Fortunate are those who never studied the relation between stock prices and corporate earnings. Anybody who did would certainly have missed out on this year’s stock market rally. The purpose of writing this article is to analyse what led to the market rally followed by this week’s sell-off, and to present a stock market outlook for the coming weeks.

First, what led to increase in stock prices since the beginning of 2019?

For whatever reason, it was near certain that the current government was coming back to power with an even stronger majority than it did in 2014. Stock markets thrive on certainty and continuity. Irrespective of which government takes office, there is a certain degree of favoritism in how it awards projects and approves business plans. When there is a change in government, a lot of existing projects and a lot of ongoing plans get stuck as the new dispensation surely prefers to cancel these and award them to business houses closer to it.

Voting has completed on 80% of seats (424/542) for general elections of 2019. Going by rumours and unverified sources, it seems that the current government may fall short of the majority mark. While it is largely expected that Modi government is coming back to power, it may not do so with the kind of majority with which it took office in 2014. This certainly will have negative impact on stock prices.

That said, a lot of what is going on in the market right now is what can best be described as “herd mentality”, i.e. people getting influenced by each other and selling/ shorting the market based on the view that the current government will fall short of the majority mark.

The reality however is that even a slight deviation from the current and omnipresent view (of the government falling short of majority) will result in a sharp up move in stock prices. It is the same every election season. Traders bet on the outcome until the very last day and those with real news make a killing!

Elections aside, the historic (15 year) average price / earnings multiple for the Nifty is ~ 21. Up until the beginning of this week, this had shot up to 29. Put differently, stocks were 40% more expensive than their historic average. So elections and other factors put aside, frontline indices  should fall at least 30% for stocks to become attractive (at least for a financial advisor). That said, Nifty or the Sensex do not really present the true picture.

So if your portfolio of mutual funds and mid/small cap stocks are not generating in line with broader markets, dont worry. This is line with how markets have performed. However, here’s what you should worry about – creating the right balance in your portfolio. First let’s understand why markets are on a tear.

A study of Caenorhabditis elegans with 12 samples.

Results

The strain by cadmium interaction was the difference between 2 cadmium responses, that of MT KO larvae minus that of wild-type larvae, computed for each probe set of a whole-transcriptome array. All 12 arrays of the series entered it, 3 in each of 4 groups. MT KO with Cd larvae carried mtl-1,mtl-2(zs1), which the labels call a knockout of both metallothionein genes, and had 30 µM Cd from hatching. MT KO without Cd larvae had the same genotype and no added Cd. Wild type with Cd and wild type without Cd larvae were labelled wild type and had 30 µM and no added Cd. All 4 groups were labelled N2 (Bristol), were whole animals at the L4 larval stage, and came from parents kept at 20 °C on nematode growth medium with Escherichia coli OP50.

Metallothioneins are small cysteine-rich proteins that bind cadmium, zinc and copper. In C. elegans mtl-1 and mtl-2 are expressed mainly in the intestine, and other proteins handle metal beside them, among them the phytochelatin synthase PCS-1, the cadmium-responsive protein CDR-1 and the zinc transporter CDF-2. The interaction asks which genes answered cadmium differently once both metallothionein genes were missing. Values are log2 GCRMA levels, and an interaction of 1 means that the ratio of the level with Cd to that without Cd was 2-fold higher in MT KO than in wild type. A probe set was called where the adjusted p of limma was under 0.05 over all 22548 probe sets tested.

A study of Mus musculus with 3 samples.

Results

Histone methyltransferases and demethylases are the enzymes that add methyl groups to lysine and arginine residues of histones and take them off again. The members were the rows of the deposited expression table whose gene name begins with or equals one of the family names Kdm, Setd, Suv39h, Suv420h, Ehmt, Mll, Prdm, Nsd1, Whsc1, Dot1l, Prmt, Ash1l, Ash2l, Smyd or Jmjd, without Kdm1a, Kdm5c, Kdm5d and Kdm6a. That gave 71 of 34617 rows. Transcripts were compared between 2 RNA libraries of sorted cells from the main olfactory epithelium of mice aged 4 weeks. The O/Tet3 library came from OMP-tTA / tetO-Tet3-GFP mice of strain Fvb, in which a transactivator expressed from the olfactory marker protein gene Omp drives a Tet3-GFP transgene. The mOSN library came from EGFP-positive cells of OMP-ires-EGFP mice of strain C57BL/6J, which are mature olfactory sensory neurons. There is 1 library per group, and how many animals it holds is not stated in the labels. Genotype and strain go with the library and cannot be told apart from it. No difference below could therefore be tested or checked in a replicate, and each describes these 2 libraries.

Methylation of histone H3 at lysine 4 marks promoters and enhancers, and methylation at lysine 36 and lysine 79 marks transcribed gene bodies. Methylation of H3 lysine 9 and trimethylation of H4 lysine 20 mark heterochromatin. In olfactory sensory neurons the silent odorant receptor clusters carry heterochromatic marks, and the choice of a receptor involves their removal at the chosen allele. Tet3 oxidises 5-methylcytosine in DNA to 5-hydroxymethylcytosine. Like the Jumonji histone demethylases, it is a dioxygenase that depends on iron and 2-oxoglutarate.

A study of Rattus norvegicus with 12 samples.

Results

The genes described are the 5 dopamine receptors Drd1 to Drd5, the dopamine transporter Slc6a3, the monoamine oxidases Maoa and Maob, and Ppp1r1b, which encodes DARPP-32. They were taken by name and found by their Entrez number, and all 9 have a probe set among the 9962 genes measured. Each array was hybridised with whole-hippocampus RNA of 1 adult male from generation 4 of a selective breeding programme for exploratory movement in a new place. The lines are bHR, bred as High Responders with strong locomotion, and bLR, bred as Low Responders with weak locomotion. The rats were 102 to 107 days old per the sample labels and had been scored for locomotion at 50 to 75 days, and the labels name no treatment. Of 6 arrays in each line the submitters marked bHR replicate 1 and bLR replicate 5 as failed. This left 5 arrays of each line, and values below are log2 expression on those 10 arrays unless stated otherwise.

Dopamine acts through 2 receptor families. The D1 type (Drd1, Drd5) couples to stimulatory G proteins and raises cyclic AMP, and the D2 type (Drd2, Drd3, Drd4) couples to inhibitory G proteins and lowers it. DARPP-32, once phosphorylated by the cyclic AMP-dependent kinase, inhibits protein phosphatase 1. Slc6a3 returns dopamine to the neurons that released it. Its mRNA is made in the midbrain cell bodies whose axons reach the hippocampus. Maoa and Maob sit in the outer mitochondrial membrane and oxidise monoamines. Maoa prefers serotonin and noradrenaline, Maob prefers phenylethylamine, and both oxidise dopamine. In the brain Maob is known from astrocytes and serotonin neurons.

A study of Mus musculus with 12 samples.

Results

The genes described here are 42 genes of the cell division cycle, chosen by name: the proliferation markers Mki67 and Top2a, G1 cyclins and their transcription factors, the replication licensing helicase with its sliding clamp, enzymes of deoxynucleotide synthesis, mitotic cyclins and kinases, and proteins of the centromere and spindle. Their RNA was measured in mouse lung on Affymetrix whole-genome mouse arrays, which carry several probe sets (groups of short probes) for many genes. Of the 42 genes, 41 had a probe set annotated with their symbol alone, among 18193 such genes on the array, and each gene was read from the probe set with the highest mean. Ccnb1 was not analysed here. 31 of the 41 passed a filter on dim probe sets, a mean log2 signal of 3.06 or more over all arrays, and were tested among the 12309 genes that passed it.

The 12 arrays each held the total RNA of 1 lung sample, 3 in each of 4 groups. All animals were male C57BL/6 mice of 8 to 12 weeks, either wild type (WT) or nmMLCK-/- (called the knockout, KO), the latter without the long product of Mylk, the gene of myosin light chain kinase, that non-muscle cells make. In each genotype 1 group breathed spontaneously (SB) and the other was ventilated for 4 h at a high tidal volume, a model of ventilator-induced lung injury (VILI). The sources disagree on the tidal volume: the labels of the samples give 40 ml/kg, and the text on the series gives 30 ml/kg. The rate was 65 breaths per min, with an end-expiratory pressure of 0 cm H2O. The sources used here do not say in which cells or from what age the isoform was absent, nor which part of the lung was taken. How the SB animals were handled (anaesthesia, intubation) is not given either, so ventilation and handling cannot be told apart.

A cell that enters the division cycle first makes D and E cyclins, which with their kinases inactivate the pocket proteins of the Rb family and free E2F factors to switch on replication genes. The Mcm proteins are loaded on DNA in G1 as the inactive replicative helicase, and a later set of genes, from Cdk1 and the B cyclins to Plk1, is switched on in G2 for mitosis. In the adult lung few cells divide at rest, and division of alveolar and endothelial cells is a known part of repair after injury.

There are 2 main reasons for this:

First, FII Buying & Selling

A look at what FII money has been doing since the beginning of this year will make things clear. Since the beginning of this year, FIIs have been constantly buying into Indian markets until the beginning of this month (i.e. May 2019).

Second, Mutual Fund Buying

Unlike those who directly invest in stocks, Investors who started investing in the markets via SIP route do not get rattled easily. They do not monitor their investments frequently and hence these investments sustain. The amount of money getting invested in stock markets via SIP route stands at over Rs. 8,238 crore / month. The overall mutual fund industry’s AUM is close to Rs. 25.28 lakh crore. (To give you a perspective of how fast the industry has grown, the overall AUM touched Rs. 10 lakh crore for the first time in May 2014.)

For markets to fall in a big way, there must be some redemptions and stoppages of SIPs. Typically, when redemptions happen, they happen in bulk. This is when investors get spooked by a big market fall and stop their monthly commitments and redeem their existing holdings – this is when there is a dynamo effect. So far the fall has not been so sharp so as to spook domestic/ retail investors to redeem their holdings. On the contrary, both lumpsum and SIP investments into equity funds has been rising constantly over the past 2 years.

So What Can you do in these times?

Stick to (i) holding cash or (ii) fixed income funds or (iv) structured products where principal is protected (iv) Go short where you can risk it.

Within fixed income, I have a bias towards what is now widely considered as the riskiest class-  Credit paper – these funds are facing incredibly difficult times. There are constant defaults and downgrades on corporate ratings because of which a lot of top rated corporate bonds and NCDs are trading below their face value.

Fear of defaults and redemption pressure has led to this price erosion despite 2 interest rate cuts in recent months. This, I believe presents the most compelling opportunity in this segment. I will not be surprised if many of these funds outperform their historic average and deliver a double digit return over a 24 – 36 month basis.

Naturally, going short always poses a risk of losing principal. If you must go short on specific stocks, make sure that you have sufficient margins to hold on to your short positions to ride out the current volatility. On a lighter note, a rather successful trader and a practitioner of the famous elliott wave theory recently told me he was convinced that Nifty will hit 12,000 over the next 1 month before it corrects. No matter what you do, keep this in mind and you will do just fine.

Disclosure: Currently holding substantial short positions on various client client accounts. I can be reached at rajat@sanasecurities.com | Comments below.